Conditioning And The Hair Fiber Surface Hair Damage

In previous chapters, it has been shown that hair fibers consist of a central cortex that comprises the major portion of the fiber, surrounded by 8 to 10 layers of overlapping cells termed the cuticle. The cortex is responsible for the tensile properties of the hair [8,9], while the state of the cuticle affects a variety of consumer perceivable properties including, e.g., hair feel, shine, and combability.

A major function of conditioners is to protect the hair's structural elements, especially the cuticle, from grooming damage. This type of stress, characterized by chipping, fragmenting, and wearing away of cuticle cells, is probably the single most important source of damage to the hair surface [10-12].

A rather extreme example of combing damage can be seen in Figure 1, which shows the results of an experiment in which a tress of virgin hair was washed with a cleaning shampoo and then combed 700 times while wet. Since hair is more fragile when wet [3] and combing forces are higher [2], combing under these conditions insures maximum damage. It can be seen that damage to the cuticle was extensive with many cuticle cells lifted from the surface, while others were completely torn away by the combing process.

The ability of conditioning agents to protect the hair from this type of damage can be seen in Figure 2, which shows the results of an experiment in which a tress was washed with a high-conditioning ''2-in-1'' shampoo and then combed 700 times while wet. In this case, because the conditioning agents in the shampoo reduced combing forces, the hair surface is seen to be intact with evidence of only minor chipping and fragmenting of cuticle cells. This demonstrates the important role conditioners can play in maintaining the integrity of the hair fiber.

Figure 1 Typical scanning electron micrograph (SEM) of hair taken from a tress washed with a cleaning shampoo and then combed 700 times while wet. Note raised and chipped cuticle cells, and areas where cells have been completely torn away.
Figure 2 Typical SEM photo of hair taken from a tress washed with a high-conditioning 2-in-1 shampoo and then combed 700 times while wet. Note the minimal damage compared with Figure 1.

Hair Damage and the Cuticle Surface

The susceptibility of a hair fiber to grooming damage and the type of conditioner most effective in preventing this damage is affected to a large degree by the nature and state of the hair surface. It is therefore helpful to precede a discussion of conditioning agents with a presentation on the hair surface and how it affects conditioner requirements and deposition.

Virgin Hair Surfaces

Hair that has not been chemically treated is termed virgin hair. The cuticle surface of virgin hair in good condition is hydrophobic [13,14], in large part as a result of a layer of fatty acids covalently bound to the outermost surface of the cuticle (epicuticle) [15,16]. As a result of its protein structure, however, the hair surface has an isoelectric point near 3.67 [17], which insures that the surface will contain negatively charged hydrophilic sites at the ordinary pH levels of haircare products. This mix of hydrophobicity and hydrophi-licity affects, of course, the types of conditioning agents that will bind to the virgin hair surface.

The situation is further complicated by the fact that the negative charge density on virgin hair increases from root to tip. This is primarily a result of oxidation of cystine in the hair to cystine S-sulfonate and cysteic acid as a result of exposure to UV radiation in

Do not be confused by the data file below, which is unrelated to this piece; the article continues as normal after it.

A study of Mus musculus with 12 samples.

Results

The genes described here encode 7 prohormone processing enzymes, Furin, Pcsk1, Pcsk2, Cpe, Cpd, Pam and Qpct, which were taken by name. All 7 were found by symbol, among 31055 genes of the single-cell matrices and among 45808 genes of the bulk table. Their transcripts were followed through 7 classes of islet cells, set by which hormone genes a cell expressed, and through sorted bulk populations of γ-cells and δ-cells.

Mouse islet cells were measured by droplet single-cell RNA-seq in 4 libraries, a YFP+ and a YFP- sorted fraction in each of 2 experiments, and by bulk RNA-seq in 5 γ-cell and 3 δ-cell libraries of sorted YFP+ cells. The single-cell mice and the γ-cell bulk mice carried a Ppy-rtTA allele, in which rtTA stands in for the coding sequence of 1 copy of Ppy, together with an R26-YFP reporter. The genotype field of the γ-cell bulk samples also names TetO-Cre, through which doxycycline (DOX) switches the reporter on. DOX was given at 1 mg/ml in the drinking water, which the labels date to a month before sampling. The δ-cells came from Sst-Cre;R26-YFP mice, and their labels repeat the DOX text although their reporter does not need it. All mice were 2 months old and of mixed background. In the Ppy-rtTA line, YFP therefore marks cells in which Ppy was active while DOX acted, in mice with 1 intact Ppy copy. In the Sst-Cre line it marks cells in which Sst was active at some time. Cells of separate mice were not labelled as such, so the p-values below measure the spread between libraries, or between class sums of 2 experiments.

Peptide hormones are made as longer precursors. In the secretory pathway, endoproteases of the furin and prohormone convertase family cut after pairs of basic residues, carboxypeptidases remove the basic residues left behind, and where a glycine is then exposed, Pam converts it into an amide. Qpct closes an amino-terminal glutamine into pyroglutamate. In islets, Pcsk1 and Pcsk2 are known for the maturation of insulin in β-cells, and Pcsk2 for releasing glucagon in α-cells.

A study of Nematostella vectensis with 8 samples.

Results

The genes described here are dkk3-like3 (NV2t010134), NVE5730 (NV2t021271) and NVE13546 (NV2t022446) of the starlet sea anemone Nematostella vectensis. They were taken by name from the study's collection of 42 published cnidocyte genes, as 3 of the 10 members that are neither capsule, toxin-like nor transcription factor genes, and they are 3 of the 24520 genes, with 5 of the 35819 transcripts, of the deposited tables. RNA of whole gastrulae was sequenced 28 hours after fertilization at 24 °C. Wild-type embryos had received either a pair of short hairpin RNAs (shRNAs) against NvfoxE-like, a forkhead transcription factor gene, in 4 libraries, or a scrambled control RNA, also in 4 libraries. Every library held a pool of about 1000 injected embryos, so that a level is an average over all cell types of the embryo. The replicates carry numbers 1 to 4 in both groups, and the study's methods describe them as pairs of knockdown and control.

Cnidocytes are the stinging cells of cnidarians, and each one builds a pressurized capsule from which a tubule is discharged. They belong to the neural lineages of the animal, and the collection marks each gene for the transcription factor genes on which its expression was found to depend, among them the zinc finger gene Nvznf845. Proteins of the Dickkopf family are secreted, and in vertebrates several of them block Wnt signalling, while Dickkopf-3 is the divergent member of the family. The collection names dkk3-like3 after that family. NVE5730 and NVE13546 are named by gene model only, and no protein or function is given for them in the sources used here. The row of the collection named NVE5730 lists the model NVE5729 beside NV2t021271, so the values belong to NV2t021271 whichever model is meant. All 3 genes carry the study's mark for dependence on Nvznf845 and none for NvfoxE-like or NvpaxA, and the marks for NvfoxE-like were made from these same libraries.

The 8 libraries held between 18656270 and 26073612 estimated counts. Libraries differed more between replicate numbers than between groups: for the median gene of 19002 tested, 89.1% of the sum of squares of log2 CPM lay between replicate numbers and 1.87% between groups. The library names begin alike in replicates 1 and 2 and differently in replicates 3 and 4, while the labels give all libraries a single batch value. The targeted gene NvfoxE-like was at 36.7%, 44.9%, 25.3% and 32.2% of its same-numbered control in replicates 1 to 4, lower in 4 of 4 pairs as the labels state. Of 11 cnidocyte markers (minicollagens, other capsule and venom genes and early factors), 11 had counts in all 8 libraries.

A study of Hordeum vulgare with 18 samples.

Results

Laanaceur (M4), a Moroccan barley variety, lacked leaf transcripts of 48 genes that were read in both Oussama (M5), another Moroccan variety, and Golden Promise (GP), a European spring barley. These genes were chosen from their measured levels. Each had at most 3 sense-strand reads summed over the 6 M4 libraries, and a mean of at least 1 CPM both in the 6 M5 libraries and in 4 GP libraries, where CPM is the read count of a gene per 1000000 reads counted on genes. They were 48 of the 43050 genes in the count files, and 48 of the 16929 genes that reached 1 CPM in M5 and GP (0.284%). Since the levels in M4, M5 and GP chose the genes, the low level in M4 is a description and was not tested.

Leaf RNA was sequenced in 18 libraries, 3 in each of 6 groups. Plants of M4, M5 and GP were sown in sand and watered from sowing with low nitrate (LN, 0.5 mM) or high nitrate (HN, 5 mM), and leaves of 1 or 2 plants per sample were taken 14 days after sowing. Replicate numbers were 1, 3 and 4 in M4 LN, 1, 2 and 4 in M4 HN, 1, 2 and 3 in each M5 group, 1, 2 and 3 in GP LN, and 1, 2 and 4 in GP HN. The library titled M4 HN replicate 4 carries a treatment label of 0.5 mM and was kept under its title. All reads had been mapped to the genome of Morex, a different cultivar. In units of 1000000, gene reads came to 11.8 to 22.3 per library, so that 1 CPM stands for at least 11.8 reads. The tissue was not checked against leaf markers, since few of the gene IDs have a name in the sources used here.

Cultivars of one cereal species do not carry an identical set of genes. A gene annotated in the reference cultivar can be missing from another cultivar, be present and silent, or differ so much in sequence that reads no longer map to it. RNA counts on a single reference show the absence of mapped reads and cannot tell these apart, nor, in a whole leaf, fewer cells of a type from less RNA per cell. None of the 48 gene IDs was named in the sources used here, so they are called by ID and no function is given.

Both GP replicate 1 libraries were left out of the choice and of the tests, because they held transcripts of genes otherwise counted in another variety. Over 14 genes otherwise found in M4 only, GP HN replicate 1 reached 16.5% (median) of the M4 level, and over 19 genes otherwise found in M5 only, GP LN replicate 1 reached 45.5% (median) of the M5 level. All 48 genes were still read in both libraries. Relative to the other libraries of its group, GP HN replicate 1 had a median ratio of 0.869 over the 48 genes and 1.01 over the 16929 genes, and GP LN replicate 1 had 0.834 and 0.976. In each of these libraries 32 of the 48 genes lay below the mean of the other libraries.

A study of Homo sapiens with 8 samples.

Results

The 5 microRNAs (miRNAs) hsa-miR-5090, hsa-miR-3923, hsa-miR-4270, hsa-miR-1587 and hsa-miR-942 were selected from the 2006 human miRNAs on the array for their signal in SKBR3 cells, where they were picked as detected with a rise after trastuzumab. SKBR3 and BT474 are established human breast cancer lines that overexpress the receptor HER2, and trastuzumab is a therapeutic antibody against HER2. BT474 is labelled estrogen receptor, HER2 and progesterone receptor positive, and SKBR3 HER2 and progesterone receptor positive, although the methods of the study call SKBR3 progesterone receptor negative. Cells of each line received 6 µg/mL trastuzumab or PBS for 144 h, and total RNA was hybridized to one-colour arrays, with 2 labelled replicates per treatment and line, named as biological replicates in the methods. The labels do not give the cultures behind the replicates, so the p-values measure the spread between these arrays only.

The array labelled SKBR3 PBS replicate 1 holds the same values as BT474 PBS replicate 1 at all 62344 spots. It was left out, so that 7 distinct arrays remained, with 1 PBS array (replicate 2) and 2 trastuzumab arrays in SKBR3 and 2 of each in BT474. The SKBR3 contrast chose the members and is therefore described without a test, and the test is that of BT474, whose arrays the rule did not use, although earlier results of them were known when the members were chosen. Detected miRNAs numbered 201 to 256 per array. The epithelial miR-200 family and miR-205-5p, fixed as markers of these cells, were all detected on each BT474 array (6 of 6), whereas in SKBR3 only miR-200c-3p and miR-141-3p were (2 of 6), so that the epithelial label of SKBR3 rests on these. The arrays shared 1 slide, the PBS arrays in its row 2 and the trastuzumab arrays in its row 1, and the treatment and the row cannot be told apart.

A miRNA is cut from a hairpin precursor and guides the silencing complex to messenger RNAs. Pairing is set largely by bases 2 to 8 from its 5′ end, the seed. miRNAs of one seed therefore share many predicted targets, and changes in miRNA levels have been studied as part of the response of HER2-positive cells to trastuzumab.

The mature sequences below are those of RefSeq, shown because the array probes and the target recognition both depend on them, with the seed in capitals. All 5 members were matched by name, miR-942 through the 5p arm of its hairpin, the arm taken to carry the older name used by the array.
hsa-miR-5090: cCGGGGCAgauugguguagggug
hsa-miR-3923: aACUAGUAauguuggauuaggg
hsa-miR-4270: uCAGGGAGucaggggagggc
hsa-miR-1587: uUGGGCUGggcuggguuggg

sunlight [18,19]. The tip portions of the hair, being older than the root portions, will have been exposed to damaging [10] UV radiation for a longer period of time and will therefore be more hydrophilic, again affecting the nature of species that can bind to these sites.

In addition to greater UV damage, the tips of hair are also subject to greater combing damage. One reason for this is simply that, being older, the tip portions will have been exposed to more combing. In addition, the surface friction of hair tips is higher (C. Reich, unpublished data) so that combing forces increase as one moves from root to tip. Finally, the ends of hair are subject to unusually high combing stress as a result of entangling during the combing process [2]. This eventually results in destruction of the covalently bound lipid layer and a feeling of dryness at the tips. Because of this, the tip ends of hair require more conditioning than the rest of the fiber. Without sufficient conditioning, the cuticle layer is eventually lost, resulting in a split end. An example is seen in Figure 3, which clearly shows the exposed cortical cells.

Chemically Treated Hair Surfaces

Chemical treatments, perming, bleaching, and permanent dyeing, can all cause significant damage to the hair fiber [3,10,20-22]. In addition to causing tensile damage, all of these treatments, which include oxidative steps, modify the surface of the hair, introducing negative charges as a result of oxidation of cystine to cysteic acid [3,10,20,21,23]. This can result in transformation of the entire fiber surface from a hydrophobic to a hydrophilic character.

Cysteic Acid Hair

Figure 3 SEM photograph of a split end. Note the exposed cortex and the complete loss of cuticle cells on the fiber surface.

Figure 3 SEM photograph of a split end. Note the exposed cortex and the complete loss of cuticle cells on the fiber surface.

All of these treatments also increase surface friction considerably [3,4,24,25] resulting in a significant increase in combing forces. The result is hair that feels rough and dry and is subject to extensive grooming damage. Because of this, treated hair generally requires significantly more conditioning than does virgin hair.